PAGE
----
Project Ara, Google’s ambitious modular phone, has reportedly been shelved.
Launched by Motorola in 2013, Project Ara was envisioned as a solution to problems like rampant electronic waste, a lack of diversity in mobile computing, and slow innovation. Google took over Ara when it acquired Motorola and, for a while, the modular phone project seemed very promising.
But Project Ara has been beset by delays and change of plans, and now Google has reportedly decided to scrap it completely.
Reuters reports that Google’s new head of hardware – and former Motorola CEO – Rich Osterloh has been streamlining the company’s scattered hardware projects. One of the first victims of this culling is Project Ara, claim two people familiar with the matter.
Google won’t launch Ara itself, but the sources said there’s still a chance that Google will license the project to a partner. Even so, it’s hard to believe that any partner would succeed where Google has failed.
A victim of streamlining
The news of the abrupt cancellation comes as a shock. At Google I/O in May, Google said it would release developer units this fall and launch the first Ara devices commercially in 2017. It appears that Ara was just months away from hitting the market, after four years in development.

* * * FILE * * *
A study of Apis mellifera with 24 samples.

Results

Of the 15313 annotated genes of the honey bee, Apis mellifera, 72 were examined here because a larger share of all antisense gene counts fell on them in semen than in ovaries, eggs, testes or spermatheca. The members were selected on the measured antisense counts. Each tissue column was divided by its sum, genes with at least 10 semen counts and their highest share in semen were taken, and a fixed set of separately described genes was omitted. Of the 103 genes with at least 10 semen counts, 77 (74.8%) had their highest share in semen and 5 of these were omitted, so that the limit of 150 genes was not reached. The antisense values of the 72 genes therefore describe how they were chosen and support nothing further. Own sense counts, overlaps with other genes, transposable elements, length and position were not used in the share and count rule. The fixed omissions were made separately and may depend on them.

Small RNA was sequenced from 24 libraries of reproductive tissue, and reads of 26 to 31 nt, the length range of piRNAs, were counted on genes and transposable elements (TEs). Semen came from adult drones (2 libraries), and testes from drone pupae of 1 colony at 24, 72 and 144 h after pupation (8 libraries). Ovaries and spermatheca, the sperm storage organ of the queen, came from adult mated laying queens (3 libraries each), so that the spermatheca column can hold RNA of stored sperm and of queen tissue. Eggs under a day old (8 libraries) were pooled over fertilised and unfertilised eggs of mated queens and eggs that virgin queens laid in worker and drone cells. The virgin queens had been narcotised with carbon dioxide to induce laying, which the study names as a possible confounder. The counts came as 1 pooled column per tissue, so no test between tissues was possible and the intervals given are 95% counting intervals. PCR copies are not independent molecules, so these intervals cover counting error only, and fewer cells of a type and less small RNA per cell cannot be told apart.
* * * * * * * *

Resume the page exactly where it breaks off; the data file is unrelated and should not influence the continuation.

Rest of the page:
Rich Osterloh rejoined Google in April 2016 and took over the oversight of products like the Nexus line, Chromecast, Chromebooks, Android One, and the Pixel line, as well as ATAP, the skunkworks unit that developed Project Ara. One of Osterloh’s main challenges is to bring together all of these product lines, at a time when they are going through major transformations. These changes include the retiring of the Nexus brand, which will be allegedly replaced by Pixel come this October.
It’s a shame that Google couldn’t make Project Ara work, but the truth is the odds were stacked against it from the beginning. The challenge of creating a viable modular smartphone is daunting, but the real problem is to bring it to market and convince manufacturers and customers to invest in it. LG and Lenovo are struggling with the same challenges, at a much smaller scale.
Thoughts on the demise of Project Ara?